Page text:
A national philanthropy watchdog group plans to challenge claims by Capital One Financial Corp. that it will increase its philanthropy when it acquires ING's U.S. online banking business.
The National Committee for Responsive Philanthropy will testify Wednesday before the Federal Reserve Board in San Francisco that McLean, Va.-based Capital One's track record in philanthropic giving is far lower than other large banks.
In a statement, Capitol One responded that its past giving is much higher than the watchdog group suggests.
The watchdog group differed, however.
"We have reason to doubt the claims being made by Capital One regarding the public benefit of its philanthropic promises associated with this proposed acquisition," Aaron Dorfman, the group's executive director, said in written testimony prepared for the hearing. "Capital One has a track record of giving at levels far lower than its peers, and there is no mechanism in place to hold them accountable."
The group will urge federal regulators to be skeptical of Capital One's commitment to provide $450 million in charitable giving over 10 years.
Under the 2010 Dodd-Frank Wall Street Reform Act, banks must show a public benefit that outweighs adverse effects of an acquisition. Capital One made philanthropy a centerpiece of its legal argument that the acquisition of Wilmington, Del.-based ING Direct would produce significant public benefits, Dorfman said. The company outlined parts of its philanthropic pledge last month before the Federal Reserve in Chicago.
According to figures compiled by the philanthropy group, Capital One gave less than $5 million per year to charities between 2005 and 2009 while it was acquiring other banks. The group says Capital One's giving as a percentage of its revenue was only 0.024 percent, while the median annual giving for the U.S. financial sector is 0.11 percent of revenue.
In a statement, Capital One challenged the figures given out by the watchdog group.
"... In 2011 alone, our giving totals are more than 6 times greater ($30 million) than the number given by the NCRP," spokeswomanTatiana Stead wrote in a later email. She added that since 2005, Capital One has never donated less than $18 million a year.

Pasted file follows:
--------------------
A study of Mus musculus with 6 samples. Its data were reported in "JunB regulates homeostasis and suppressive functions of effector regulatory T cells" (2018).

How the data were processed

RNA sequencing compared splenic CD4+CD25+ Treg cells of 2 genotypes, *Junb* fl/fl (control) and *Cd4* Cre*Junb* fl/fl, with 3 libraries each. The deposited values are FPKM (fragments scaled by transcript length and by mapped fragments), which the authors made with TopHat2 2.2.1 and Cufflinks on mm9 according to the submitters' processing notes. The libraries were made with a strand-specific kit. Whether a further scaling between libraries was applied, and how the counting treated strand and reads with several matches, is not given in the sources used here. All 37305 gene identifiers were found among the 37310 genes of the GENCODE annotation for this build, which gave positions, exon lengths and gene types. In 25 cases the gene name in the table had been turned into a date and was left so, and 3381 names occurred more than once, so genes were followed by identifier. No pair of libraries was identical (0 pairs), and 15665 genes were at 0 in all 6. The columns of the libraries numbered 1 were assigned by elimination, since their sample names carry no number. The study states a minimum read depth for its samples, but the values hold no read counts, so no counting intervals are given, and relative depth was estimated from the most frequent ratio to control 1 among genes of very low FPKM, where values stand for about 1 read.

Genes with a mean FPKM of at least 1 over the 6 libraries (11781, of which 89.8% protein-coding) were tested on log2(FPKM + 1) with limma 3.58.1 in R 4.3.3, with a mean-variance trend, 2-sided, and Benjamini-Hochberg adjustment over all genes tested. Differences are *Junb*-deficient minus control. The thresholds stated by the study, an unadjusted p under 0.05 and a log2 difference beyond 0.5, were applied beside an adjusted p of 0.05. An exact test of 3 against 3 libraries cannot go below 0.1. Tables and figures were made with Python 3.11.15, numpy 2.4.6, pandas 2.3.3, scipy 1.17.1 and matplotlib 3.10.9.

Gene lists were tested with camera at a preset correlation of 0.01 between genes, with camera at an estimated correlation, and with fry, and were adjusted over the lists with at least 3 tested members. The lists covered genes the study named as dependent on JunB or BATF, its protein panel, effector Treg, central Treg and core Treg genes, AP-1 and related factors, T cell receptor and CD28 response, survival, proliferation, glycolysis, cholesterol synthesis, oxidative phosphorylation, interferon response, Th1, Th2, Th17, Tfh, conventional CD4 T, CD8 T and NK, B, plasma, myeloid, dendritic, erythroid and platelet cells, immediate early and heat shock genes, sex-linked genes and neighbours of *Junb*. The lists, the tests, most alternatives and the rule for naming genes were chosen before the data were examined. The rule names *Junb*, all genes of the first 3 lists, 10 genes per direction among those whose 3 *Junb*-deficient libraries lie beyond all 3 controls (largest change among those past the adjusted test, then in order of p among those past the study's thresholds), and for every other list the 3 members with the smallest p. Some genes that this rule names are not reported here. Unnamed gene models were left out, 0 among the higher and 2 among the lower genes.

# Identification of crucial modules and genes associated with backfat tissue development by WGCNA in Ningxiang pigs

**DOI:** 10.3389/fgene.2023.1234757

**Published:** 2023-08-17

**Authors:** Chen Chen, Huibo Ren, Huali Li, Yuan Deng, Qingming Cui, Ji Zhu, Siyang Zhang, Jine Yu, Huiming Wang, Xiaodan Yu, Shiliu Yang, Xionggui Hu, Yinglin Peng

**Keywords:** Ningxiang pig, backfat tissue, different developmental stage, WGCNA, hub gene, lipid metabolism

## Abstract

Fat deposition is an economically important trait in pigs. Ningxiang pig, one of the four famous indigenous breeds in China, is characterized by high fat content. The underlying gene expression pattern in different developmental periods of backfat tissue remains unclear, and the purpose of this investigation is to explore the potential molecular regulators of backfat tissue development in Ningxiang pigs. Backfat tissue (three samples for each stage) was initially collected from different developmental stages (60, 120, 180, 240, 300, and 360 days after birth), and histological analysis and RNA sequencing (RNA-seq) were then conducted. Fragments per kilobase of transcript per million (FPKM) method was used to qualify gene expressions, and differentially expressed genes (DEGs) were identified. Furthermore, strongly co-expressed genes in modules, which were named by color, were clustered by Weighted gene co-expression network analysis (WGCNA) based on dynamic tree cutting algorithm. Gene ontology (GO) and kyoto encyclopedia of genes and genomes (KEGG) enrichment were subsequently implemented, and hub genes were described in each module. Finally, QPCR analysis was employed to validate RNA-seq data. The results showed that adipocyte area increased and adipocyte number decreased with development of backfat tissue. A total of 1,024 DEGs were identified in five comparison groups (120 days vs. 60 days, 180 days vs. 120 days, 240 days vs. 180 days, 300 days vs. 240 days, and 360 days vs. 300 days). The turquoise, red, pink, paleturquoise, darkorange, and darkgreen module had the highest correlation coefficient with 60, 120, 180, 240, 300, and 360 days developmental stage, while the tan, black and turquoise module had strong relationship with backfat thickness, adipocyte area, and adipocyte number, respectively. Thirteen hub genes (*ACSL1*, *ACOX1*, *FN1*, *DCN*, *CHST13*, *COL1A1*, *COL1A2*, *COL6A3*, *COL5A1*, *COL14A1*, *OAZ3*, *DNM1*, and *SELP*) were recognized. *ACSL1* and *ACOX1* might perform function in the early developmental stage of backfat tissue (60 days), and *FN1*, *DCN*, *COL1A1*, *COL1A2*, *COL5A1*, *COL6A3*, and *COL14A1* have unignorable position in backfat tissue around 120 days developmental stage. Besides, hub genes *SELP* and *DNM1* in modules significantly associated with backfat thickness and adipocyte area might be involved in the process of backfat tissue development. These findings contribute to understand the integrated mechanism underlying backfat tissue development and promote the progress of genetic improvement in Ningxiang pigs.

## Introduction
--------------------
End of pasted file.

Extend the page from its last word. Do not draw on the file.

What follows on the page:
Stead also said the group is only counting figures from the Capital One Foundation, which doesn't include all of the company's charitable giving.
"The information and the data in the NCRP's testimony are incorrect and do not come close to representing our philanthropic giving numbers — which are actually significantly higher," the company said.
The National Committee for Responsive Philanthropy has not opposed other recent bank mergers, spokeswoman Yna Moore said. The company's emphasis on philanthropy is part of its argument that the merger would produce public benefits drew the group's attention, she said.
A 2007 study by the group found that contrary to expectations in the nonprofit sector, bank mergers can dramatically increase charitable giving by financial institutions. The report examined seven large banks and their giving levels before mergers. It found total giving by those banks grew from about $100 million annually in the late 1980s to more than $400 million annually by 2001.
In June, Capital One announced it is buying ING for $9 billion in cash and stock. Under terms of the deal, Netherlands-based ING Groep would become the largest Capital One shareholder.
Capital One is known mostly for its credit card portfolio, but after several acquisitions, it has about 1,000 bank branches primarily in New York, New Jersey, Texas, Louisiana, Maryland, Virginia and the District of Columbia. ING is the country's largest online bank with 7.7 million customers.
The acquisition would make Capital One the nation's fifth-largest bank based on domestic deposits after Bank of America, Wells Fargo & Co., JPMorgan Chase & Co. and Citigroup.